IF ever there was a symbol of the North-South divide – and the need for councils across Yorkshire to work together to secure fairer funding when it comes to transport – it is the main A64 coast road from York to Malton and Scarborough.
Even on a mundane Monday in those middling afternoon hours prior to the evening rush, this route was nose-to-tail because of the sheer weight of traffic and the abiding failure of successive governments to dual this road in its entirety. My sympathies to those caught up in longer snarl-ups at busier times of the day – and year.
It was the same long after on the evening rush on the trip back to York – a long queue of slowly-moving vehicles trundling along at little more than 10mph because cars and lorries up ahead were waiting to turn-off and so on.
It’s not their fault – this is the consequence of spending being skewed so heavily in favour of the South that the total amount being spent on the much-vaunted Crossrail scheme in London (4.6bn) now exceeds the combined cost of every transport project in the North (£4.3bn).
Given that these figures come courtesy of the Department for Transport, it makes an even greater mockery of David Cameron’s promises to Parliament, in both January 2014 and June 2015, that he sympathised with all those campaigning for the route to be upgraded.
Even with Scarborough MP Robert Goodwill serving as a transport minister in Mr Cameron’s government before being promoted to Immigration Minister by Theresa May, there seems to be no forward momentum.
What now? There should be three elements to the route-map.
As part of devolution discussions, council and business leaders in West, North and East Yorkshire need to recognise this road’s strategic importance – coastal communities need better access if they’re to attract both tourists and sufficient levels of inward investment to create new jobs in an area where living standards are below the national average. If this happens, the whole region will reap the rewards.
They then need to come up with an economic case so compelling that it cannot be given the red light by Ministers – this, after all, is a scheme which will depend on national funding because local authorities simply do not have the cash reserves to undertake infrastructure improvements on this scale. Don’t forget safety, this road is a notorious accident blackspot that has claimed too many lives.
And then they should follow the example of the revitalised Malton, a town transformed after reinventing itself as a ‘food capital’, and start promoting business opportunities in coastal towns.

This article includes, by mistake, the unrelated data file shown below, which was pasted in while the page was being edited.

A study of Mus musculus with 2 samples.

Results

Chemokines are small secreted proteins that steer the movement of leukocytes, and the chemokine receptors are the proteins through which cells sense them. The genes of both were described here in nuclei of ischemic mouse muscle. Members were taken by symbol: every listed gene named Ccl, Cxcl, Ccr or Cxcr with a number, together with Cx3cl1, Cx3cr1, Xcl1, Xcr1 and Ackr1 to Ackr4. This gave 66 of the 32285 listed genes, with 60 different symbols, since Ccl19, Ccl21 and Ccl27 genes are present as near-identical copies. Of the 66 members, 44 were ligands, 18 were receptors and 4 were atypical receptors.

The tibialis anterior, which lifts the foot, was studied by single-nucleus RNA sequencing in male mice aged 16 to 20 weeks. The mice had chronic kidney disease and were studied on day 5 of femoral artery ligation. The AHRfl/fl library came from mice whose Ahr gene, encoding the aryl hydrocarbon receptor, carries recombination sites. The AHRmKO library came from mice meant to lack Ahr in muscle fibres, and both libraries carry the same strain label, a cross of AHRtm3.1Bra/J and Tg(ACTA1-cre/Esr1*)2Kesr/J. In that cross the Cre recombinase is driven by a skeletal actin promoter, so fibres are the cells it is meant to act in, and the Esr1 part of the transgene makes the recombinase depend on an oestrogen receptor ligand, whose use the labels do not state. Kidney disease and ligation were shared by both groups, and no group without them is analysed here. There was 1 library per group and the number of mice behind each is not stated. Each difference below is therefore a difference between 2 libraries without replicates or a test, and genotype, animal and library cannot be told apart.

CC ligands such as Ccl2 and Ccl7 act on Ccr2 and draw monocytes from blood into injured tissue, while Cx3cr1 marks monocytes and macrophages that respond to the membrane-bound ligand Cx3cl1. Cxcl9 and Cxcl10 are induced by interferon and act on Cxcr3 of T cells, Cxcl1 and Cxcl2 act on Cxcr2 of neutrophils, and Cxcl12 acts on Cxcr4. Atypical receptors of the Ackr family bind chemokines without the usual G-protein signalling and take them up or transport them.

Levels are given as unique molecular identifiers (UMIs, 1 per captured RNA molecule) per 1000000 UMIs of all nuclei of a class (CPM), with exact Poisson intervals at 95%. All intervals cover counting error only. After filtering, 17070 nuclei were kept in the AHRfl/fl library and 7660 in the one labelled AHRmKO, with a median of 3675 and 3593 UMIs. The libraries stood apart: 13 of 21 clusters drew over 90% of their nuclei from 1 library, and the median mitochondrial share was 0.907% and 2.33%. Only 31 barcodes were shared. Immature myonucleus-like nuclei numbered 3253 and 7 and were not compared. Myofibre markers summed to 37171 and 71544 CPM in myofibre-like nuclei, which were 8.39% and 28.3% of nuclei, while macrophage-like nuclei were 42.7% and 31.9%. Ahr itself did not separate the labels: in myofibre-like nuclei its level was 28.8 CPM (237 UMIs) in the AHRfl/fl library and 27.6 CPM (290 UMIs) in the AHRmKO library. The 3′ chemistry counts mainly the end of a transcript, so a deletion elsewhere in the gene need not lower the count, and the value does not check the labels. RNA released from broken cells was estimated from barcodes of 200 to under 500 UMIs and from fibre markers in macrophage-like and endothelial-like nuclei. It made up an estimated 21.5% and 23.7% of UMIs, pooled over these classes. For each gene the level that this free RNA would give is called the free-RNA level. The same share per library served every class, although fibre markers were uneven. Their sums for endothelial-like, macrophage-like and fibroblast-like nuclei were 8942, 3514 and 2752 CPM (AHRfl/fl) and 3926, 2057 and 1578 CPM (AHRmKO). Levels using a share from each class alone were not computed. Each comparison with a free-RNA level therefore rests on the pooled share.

If local, regional and national leaders are sufficiently committed to Yorkshire, they will preside over a new direction of travel for transport – and the neglected North.
LIKE all those who are quietly impressed by Theresa May, the new PM continues to make a favourable impression. She has cut the number of Ministers entitled to attend Cabinet from 31 to 28 because she believes in the maxim that ‘less is more’. Also note her dearth of media and PR events.
It does not end here. As well as axing many ambassadorial ‘tsars’ – which were little more than tokenism – Mrs May says Cabinet colleagues will be entitled to a maximum of two special advisers each after the bill for these unelected aides rose from £6m a year under Tony Blair to £9m last year.
However I’m surprised – and disappointed – that Mrs May has not dispensed with the right of PMs to issue their own honours after David Cameron, otherwise known as ‘Dodgy Dave’, took cronyism to a new low when he left 10 Downing Street.
I suspect Mrs May wants some wriggle-room ahead of next month’s review of Parliamentary boundaries as the Tories look to cut the number of constituencies from 650 to 600 – she might need to dangle various carrots, like knighthoods and damehoods, if some sitting MPs prove to be awkward and recalcitrant over the changes.
I hope that I’m wrong – taking a stand on this issue will help the PM put clear blue water between herself and her predecessor’s chumocracy.
PERHAPS others are finally waking up to my many comments highlighting the political shortcomings of flooding failure Liz Truss before she was promoted, I kid you not, to the the post of Justice Secretary.
Of the 28 Cabinet Ministers, Ms Truss has the lowest net satisfaction score according to the ConservativeHome website. I’m just surprised that David Cameron and Theresa May think the Minister has hidden talents. I would like to know what they are.
ONE tip for the remainder of the Rio Olympics – the BBC’s coverage on Radio Five Live is far superior to Clare Balding and Co on the television.
John Hunt’s commentary of swimmer Adam Peaty’s gold medal win was spine-tingling while TV’s Andy Jamieson did not rise to the occasion, not least because of his over-reliance on the word ‘absolutely’ which he used three times in the final 25 metres. This has to be the most misused word in sports broadcasting – what is the difference between brilliant and absolutely brilliant?
Equally radio coverage of Jack Laugher and Chris Mears’s gold medal in the diving was captivating while Leon Taylor, the over-excited diving pundit on the telly, had resorted to using words like ‘shonky’ earlier in the week to describe dives just a fraction of a second of out in their execution. He clearly doesn’t realise that this word also means ‘illegal’. Radio 1, Television 0.
TO me, it was the moment of redemption for the Olympics – Ripon diver Jack Laugher shaking his head in disbelief as he collected his gold medal with three metre synchro partner Chris Mears who had nearly died in 2009 from a ruptured spleen. Best friends and house-mates, these nerveless, fun-loving personalities, who train in Leeds, exemplify the best of sport after overcoming so much adversity – Laugher struggled with the weight of expectation at London 2012 – to win the biggest prize of all. Take a bow lads, this is what the Olympics should be about.